Donors to Clinton’s foundation disclosed…

Nonprofit news roundup 

Donors to Clinton’s foundation disclosed

Former President Bill Clinton counts among donors to his charity Donald Trump, the Coca-Cola Company and the countries of Norway and Oman, The Associated Press reported Jan. 1 (see Clinton charity story). Clinton and his wife, Secretary of State Hillary Clinton, agreed to disclose annually donations to the William J. Clinton Foundation as a condition of her appointment by President Obama.

Depressed real estate a boon for preservation

With real-estate prices driven lower by the recession, preservationists are taking advantage of deals to buy and preserve prime properties, The New York Times reported Dec. 31 (see preservation groups story). Many of the properties will be placed in trusts for parks, watershed protection or preservation of open space.

Charities hope for year-end giving spike

Charities are hoping the year-end surge in consumer spending meant a jump in donations as well, The Washington Post reported Dec. 31 (see year-end giving story). Early results are mixed and final numbers are not expected until later this month.

Hospital gets $8.5 million from unused endowments

Christ Hospital received $8.5 million paid out from two endowments created more than a century ago but never used, The Cincinnati Enquirer reported Dec. 30 (see Christ Hospital story). The endowments originally were intended to provide care for ministers and their wives should they become sick, but the hospital appealed to the Ohio attorney general’s office for permission to use the funds for “community purposes.”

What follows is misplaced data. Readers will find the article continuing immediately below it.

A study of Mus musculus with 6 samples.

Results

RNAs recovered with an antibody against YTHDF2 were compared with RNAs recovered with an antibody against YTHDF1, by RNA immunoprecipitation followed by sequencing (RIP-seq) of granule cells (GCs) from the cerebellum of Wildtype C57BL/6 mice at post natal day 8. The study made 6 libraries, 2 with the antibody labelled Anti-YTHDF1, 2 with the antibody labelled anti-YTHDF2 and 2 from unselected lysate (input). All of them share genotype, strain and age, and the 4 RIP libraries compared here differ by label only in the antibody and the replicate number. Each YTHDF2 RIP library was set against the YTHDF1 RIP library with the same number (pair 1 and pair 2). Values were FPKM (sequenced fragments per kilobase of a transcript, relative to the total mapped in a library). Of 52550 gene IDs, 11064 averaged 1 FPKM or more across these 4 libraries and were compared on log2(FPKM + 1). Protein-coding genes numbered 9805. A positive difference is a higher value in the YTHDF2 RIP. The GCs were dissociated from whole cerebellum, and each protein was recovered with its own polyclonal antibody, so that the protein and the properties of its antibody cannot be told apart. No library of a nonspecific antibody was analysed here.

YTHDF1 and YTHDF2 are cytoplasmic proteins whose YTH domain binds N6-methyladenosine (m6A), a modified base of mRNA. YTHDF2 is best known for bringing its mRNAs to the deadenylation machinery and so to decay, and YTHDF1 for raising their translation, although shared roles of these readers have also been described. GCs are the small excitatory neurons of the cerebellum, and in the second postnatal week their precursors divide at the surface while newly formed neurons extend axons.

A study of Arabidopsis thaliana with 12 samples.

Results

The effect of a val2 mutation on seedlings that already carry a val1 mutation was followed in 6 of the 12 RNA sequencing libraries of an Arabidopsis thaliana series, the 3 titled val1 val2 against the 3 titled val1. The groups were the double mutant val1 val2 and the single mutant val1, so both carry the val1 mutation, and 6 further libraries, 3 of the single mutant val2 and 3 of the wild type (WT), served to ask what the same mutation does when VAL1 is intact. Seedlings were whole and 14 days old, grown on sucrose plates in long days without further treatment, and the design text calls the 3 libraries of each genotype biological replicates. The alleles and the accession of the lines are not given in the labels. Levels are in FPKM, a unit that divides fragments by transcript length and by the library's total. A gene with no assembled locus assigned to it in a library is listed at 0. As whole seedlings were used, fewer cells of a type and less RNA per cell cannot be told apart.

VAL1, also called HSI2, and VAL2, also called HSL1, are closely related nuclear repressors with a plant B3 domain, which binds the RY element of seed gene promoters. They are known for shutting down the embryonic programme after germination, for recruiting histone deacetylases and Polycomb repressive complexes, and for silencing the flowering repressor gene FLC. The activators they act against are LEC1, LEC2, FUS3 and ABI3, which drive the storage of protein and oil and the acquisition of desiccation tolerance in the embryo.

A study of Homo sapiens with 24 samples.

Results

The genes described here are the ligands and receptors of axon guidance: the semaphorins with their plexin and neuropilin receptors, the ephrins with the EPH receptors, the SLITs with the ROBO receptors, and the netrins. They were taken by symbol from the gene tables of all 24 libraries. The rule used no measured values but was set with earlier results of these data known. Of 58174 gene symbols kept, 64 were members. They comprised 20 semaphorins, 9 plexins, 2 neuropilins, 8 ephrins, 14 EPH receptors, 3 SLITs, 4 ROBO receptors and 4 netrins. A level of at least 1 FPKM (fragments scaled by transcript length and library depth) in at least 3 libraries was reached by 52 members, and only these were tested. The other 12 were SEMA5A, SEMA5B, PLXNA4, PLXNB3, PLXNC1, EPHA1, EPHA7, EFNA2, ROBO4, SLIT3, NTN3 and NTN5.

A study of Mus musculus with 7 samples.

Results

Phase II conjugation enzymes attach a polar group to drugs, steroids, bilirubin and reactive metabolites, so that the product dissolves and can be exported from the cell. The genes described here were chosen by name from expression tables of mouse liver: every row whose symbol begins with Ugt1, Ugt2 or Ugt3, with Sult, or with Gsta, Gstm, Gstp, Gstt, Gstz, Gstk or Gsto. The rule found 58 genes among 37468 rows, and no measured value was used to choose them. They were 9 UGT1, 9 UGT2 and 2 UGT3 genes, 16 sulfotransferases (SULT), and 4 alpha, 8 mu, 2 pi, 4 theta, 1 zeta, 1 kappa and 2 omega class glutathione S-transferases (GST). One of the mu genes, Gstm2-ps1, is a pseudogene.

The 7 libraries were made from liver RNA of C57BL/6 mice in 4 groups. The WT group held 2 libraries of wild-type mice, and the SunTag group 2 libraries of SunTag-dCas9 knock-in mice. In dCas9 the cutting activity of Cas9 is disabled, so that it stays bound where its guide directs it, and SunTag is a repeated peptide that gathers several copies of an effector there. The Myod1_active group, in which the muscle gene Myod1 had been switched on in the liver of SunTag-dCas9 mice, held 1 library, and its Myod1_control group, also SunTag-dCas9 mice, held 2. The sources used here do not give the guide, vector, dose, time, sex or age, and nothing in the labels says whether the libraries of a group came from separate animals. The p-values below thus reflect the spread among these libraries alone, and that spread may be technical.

Cost-cutting continues for nonprofits

With the economy still struggling, nonprofits are cutting executive pay, freezing salaries and foregoing bonuses, The Austin American Statesman reported Jan. 2 (see nonprofit salaries story). Three in 10 U.S. nonprofits report their leaders took a pay cut last year, with the median cut being 10 percent, says a study from the Chronicle of Philanthropy.

Technology boosts some forms of art

As attendance at arts performances, museums and galleries continues to decline, and technology continues to evolve and broaden its reach, art “venues” like the internet are capturing more of Americans’ viewing time, The Globe and Mail reported Dec. 30 (see arts attendance story). Music recording and film production are among the art forms made cheaper and easier by digital technology.